The Frog and Pond Diary
May - 2001
Go to last entry of the month....................Go to previous entry
I found some that showed very little growth yet. Others were at various stages, including this one in which the external gills can be seen. The case around it is about 4mm long.
The sunshine brought quite a few frogs up onto the banks of the ponds to do some sunbathing. I noticed a number of smaller, immature frogs around the ponds last night, although they were not evident today.
7 May - A little bit of pond dipping came up with this newly emerged newt. About 7mm long, it is hardly noticable amongst the vegetation. While it stays still for prolonged periods it is capable of short bursts of frantic swimming.
Scooping out small amounts of water from the small pond revealed a good population of Cyclops, which is a tiny freshwater crustacean. The pictures show a female with her egg sacs - these are what catches your eye first. As their name suggests cyclops has a single, well developed eye which you can see as a red spot between a pair of antennules. They often swim about slowly until you try to 'catch' them with a dropper pipette. Then they accelerate rapidly and move in a very jerky way.
8 May - I spent a short time clearing some weed off the surface of the small pond. When I pulled out a lump of weed a male newt in full breeding state came with it. A closer inspection of the weed revealed a lot of newt eggs many of them still early in their development. I have not seen this many in that pond before.
I also spotted a number of these tiny stiped larvae(?). They wriggle about and have feathery looking front appendages (immediately behind the head) with which they hold on to things. I have not got a clue what they are so any suggestions would be gratefully received.
9 May - Looking in the ponds after dark last night revealed a great deal of frog and newt activity. It looked as though some of the newts were searching for suitable vegetation to lay more eggs.
This afternoon I was cutting some grass at the side of the big pond. A clump of the grass hung in the water and when I removed this I found dozens of newt eggs. The pictures show a single egg laid exposed on a living grass leaf. The triple decker sandwich on the right shows what is possible when a newt chooses a dead leaf that has lost its rigidity.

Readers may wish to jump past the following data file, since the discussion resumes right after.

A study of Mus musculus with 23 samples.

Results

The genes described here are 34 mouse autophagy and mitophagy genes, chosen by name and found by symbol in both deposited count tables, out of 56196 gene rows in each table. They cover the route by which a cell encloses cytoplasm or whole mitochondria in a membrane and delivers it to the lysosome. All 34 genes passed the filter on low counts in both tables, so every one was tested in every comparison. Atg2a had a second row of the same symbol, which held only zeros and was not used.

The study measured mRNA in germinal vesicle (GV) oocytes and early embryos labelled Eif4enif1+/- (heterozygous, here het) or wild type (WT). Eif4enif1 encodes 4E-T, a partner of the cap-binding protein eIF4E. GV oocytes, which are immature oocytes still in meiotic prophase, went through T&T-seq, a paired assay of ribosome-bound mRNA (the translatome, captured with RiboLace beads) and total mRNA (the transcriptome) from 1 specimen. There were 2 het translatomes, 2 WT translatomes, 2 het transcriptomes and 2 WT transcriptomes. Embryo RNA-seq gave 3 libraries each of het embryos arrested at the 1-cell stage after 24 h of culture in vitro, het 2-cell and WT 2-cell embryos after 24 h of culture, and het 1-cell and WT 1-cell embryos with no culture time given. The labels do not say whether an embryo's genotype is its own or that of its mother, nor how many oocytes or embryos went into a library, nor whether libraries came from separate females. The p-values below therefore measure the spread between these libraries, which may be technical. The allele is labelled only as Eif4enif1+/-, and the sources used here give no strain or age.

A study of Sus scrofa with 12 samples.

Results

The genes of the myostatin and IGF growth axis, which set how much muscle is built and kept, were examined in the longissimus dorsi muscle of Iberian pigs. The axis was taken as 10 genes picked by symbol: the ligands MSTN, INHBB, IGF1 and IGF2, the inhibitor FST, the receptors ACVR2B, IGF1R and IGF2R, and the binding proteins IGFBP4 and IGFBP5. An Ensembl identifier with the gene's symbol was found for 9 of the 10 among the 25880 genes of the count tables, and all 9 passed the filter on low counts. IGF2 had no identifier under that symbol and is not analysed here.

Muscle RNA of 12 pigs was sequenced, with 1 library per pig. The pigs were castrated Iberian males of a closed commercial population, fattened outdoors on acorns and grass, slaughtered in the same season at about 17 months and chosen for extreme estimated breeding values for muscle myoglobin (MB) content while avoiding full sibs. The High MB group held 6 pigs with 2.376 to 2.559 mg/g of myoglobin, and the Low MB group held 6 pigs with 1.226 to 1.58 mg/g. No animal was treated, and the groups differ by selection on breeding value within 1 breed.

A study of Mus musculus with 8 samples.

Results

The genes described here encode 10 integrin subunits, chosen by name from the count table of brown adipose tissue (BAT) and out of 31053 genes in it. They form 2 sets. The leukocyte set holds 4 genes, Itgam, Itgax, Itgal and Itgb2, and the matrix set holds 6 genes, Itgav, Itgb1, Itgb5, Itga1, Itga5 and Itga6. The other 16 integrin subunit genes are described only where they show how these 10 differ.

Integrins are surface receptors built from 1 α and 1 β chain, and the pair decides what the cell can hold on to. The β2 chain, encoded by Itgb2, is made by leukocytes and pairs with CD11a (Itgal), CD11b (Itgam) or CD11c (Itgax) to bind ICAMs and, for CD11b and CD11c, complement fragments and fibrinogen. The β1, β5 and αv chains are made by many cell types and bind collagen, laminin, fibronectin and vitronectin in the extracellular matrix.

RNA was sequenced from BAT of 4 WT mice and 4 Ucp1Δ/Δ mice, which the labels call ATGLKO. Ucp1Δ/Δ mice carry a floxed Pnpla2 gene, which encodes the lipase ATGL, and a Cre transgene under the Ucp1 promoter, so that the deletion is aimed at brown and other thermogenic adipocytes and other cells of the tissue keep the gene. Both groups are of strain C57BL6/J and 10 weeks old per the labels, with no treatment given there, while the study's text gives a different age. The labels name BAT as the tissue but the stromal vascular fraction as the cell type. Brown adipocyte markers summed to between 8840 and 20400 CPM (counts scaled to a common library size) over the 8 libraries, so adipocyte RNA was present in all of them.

I am amazed at how successful the newts are being this year. On the other hand, of course I have to remember that the toads have failed to appear so far, with the exception of the one that found itself among over friendly frogs!
15 May - I am neglecting this part of my diary at the moment and I must put that right. Today I have made a 'thin' aquarium to enable me to take some 'under-water' pictures of some of the smaller pond life. This will be ready for use in a couple of days.
In the meantime the plant life is thriving and so are the tadpoles. The only young newts that I have seen so far look like the one already pictured.
The frogs are everywhere. Where ever you look in the pond there is a good chance that a pair of eyes is watching you, often more discreetly that this one. I am finding more and more smaller frogs about. Some of these are no doubt from last year's brood.
25 May - Had time to do a short bit of pond dipping this afternoon. Just a couple of images, first of a small beetle that I come across quite often in the big pond. It carries a bubble of air on its underside and crawls about on the vegetation. If it goes down a stem it can return to the surface by simply letting go - it just bobs back up.
I am still finding newt eggs in the pond and this afternoons dipping came up with several young newts.
They look very fishlike but have feathery external gills. I have not come across any with legs as yet.
This little mollusc (right) is about 6 mm high. I think it is a Bithynia leachii, but I need to do a bit more checking.
28 May - This morning was cloudy and cool but the garden was brightened up by the opening of the first of the flag irises in the ponds. There are a lot more flower buds waiting their turn so we should have a good display this year.
Had an enjoyable break lunchtime today watching the frogs and feeding them with mealworms. It was quite amusing to watch their responses. If the mealworm wriggled or just moved quickly it was gobbled up quickly. If the mealworm kept still or moved very slowly the frog would watch it as it slowly disappeared into the undergrowth.
There was a brief visit by a Large Red damselfly (?) but in a strong breeze it did not stay long enough for me to get a photograph.